When we were bright-eyed young career starters, we undoubtedly all had a certain vision of our career-self as a true professional. We’d wear snappy suits and swan out to important client meetings and say things like “tell Jack it’s imperative that I have the xyz file on my desk by 5pm”.
Moreover, we’d be the epitome of professionalism at all times. Never ever would we spend a boring afternoon scrolling through Instagram, or have one too many G&Ts at the Christmas party and snog the cute intern from Accounts.
But then reality hit. It turned out that maintaining a professional demeanor at all times was a lot harder than it seemed, particularly when faced with obnoxious clients, unappreciative managers and unbelievably annoying colleagues.
It is a guarantee that you will spend a large portion of your career dealing with people you clash with. But, regardless of how irritating they are, telling them to go do one is likely to get you into trouble.
Luckily, there are some professional ways to shut down unreasonable co-workers. So the next time you find yourself wanting to strangle your boss, take a deep breath, cool your temper, and try one of the below suggestions.
(You can still tell them to f**k off in your head. We won’t judge).
The High-Maintenance Client
Your least favorite client has sent his hourly demanding email requiring some info, stat. Being the diligent worker you are, you immediately drop everything (making an awful mess, you were drinking coffee at the time) and respond lightning-quick.
Next morning, a particularly vicious email from said client arrives, berating you for ignoring him and taking too long to do your job. He’s even taken the trouble to cc’ in your CEO, telling her how incompetent you are and how she should fire you pronto.
- DON’T SAY
“I should have realized someone of your advanced years probably has failing eyesight, which is the only excuse you can have for having not seen the email I sent you five minutes after you asked your original question.
I’ve resent the email with extra-large, bright pink text to make sure you can’t miss it. I’ve also highlighted the original time stamp so everyone here knows what an obnoxious idiot you are.”
- DO SAY
“It appears that the email I sent to you at [time] got mislaid somewhere along the way. I’ve resent it. The information contained in it should answer your queries, but do let me know if there’s anything else I can help you with.”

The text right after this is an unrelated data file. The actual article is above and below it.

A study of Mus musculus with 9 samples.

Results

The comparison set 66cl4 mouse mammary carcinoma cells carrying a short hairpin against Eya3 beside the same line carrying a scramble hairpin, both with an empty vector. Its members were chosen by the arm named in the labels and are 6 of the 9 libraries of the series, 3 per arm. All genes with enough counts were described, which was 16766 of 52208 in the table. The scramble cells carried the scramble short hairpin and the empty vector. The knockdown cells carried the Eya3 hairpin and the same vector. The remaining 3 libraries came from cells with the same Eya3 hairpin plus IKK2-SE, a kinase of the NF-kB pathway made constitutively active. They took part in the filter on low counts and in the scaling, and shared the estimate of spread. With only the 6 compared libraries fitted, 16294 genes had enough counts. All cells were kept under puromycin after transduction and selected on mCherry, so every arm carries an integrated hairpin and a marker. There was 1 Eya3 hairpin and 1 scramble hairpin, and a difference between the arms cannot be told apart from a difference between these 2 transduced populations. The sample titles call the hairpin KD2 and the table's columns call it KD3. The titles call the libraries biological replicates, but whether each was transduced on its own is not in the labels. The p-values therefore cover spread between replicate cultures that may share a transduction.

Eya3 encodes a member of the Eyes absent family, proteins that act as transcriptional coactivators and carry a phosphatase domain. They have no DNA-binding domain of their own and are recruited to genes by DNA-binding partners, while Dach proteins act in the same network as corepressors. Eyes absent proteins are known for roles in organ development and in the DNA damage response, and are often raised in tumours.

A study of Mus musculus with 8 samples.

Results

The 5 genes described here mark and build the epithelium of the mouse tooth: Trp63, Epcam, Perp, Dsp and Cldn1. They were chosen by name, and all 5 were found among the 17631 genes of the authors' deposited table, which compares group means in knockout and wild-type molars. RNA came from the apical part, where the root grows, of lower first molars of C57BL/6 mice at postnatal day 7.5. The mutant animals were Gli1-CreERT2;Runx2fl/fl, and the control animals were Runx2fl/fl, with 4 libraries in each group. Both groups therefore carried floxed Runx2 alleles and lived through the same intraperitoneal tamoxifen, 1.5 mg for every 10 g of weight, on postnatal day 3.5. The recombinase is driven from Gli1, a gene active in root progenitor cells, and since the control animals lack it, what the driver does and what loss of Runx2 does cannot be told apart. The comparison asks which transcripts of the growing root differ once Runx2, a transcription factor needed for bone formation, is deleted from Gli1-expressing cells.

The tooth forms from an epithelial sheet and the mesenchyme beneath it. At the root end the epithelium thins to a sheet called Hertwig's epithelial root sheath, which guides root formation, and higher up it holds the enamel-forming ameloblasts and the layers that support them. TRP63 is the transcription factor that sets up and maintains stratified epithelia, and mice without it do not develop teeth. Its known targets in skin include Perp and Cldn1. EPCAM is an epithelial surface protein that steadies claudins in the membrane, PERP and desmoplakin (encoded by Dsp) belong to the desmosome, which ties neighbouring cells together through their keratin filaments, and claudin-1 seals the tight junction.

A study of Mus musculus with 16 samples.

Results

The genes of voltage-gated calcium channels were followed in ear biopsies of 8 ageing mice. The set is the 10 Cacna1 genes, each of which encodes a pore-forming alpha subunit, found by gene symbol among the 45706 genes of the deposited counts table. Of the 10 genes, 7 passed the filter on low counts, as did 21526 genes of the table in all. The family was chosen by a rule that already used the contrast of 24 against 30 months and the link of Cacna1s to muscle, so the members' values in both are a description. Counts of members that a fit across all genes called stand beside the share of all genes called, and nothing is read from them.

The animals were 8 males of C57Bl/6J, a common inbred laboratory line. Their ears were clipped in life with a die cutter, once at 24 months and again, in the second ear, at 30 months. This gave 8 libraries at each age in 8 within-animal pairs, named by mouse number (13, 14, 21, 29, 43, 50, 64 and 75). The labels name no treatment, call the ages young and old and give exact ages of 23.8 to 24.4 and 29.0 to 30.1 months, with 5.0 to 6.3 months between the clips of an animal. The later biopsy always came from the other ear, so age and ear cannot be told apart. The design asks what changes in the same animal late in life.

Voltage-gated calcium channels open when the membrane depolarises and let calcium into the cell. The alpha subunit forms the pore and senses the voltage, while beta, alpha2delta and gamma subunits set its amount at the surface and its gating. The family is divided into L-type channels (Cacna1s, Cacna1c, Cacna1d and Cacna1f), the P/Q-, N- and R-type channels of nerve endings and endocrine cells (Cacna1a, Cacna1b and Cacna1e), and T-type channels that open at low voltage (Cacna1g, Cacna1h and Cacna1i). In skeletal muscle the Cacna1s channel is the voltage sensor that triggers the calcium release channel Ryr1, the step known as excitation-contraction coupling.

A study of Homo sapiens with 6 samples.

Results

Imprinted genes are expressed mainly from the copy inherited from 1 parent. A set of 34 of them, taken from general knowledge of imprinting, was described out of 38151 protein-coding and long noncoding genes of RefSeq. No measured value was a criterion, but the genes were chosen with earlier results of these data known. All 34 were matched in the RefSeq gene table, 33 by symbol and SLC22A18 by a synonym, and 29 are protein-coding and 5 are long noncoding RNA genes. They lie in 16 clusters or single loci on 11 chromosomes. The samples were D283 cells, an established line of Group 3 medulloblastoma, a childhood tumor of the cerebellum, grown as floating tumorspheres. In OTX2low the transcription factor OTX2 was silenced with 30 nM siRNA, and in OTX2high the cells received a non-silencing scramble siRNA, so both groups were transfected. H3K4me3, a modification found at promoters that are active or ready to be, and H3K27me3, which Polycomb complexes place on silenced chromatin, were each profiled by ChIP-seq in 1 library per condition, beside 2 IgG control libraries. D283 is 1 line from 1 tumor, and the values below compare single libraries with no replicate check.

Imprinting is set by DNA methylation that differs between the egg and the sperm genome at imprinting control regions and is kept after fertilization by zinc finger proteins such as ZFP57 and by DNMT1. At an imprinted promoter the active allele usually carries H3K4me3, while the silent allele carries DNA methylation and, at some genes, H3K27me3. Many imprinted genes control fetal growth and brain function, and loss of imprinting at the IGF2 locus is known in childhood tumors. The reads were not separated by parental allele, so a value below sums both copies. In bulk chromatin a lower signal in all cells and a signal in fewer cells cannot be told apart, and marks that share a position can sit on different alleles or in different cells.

The Irksome Colleague
Your nearby co-worker hums. All. The Time. The toneless droning makes it impossible for you to concentrate, and it’s just generally driving you barmy.
- DON’T SAY
“Carl, that godawful noise coming out your mouth sounds like the death wail of a particularly sickly bumblebee and I can’t stand it anymore. Hum one more time, I dare you, I double-dare you, and I’m going to go full Pulp Fiction on your ass.”
- DO SAY
“Carl, I’m not sure if you’re aware of this but you hum under your breath a lot and I find it really distracting. Do you mind trying to minimize it? I’d really appreciate it.”
The Out-of-Touch Boss
A huge project you’ve been slaving over for weeks is finally nearing completion, when your boss expresses some reservations. Despite signing off on the original plan, she now feels that the work isn’t quite right. She asks you to redo the project in time for the original deadline, a feat that would require excessive overtime and the cancellation of your upcoming holiday.
- DON’T SAY
“You’re being selfish and unreasonable, and there’s no way in hell I’m redoing this project after all the work I’ve already put into it. If you don’t like that, fire me. It’s not like I need this job for anything other than paying my rent.”
- DO SAY
“I’m happy to implement those changes if that’s what you want, but because of having to do X, Y, and Z, I estimate it’s going to take at least three more weeks to complete. As I have a pre-approved holiday scheduled for [dates], realistically that means the earliest we could get this completed is [date].
I’ll also have to reschedule tasks A, B and C in order to focus on redoing this project, so I just want to double-check you’re happy for me to de-prioritize them for now. Let me know if this works and, if not, what solutions you would recommend.”
You’re casually chatting with a co-worker when he starts making discriminatory comments about another colleague’s disability/ethnicity/nationality/gender/sexuality. This turns into a full-on rant about how awful “those” people are, how he wishes “they” weren’t allowed to work here, and how his favorite politician will one day crack down on “them” and their “privileges”.
- DON’T SAY
“Shut your f**king mouth, that is so f**king inappropriate. Those sorts of views are f**cking disrespectful, not just to [colleague] but to every f**cking human being. It’s particularly f**cking inappropriate for a work setting because we’re all here to do a f**cking job, not pass judgement on each other.
Never say that sort of sh*t again. I’m calling HR on you, you f**king pr*ck.”
- DO SAY
“Please stop talking, that is completely inappropriate. Those sorts of views are disrespectful, not just to [colleague] but to every human being. It’s particularly inappropriate for a work setting because we’re all here to do a job, not pass judgement on each other.
Please never use that sort of language here again. I feel obliged to talk to HR about this because I don’t want this to be the sort of workplace where anyone is made to feel uncomfortable by discriminatory views or language.”
Beth Leslie is a career and lifestyle writer. She is also the editor of the Inspiring Interns blog, which provides graduate careers advice to young people looking to excel in the workplace.
Inspiring Interns is a graduate recruitment agency which helps career starters find everything from project management roles to marketing internships. Check out their listing for both graduate jobs London and graduate jobs Manchester.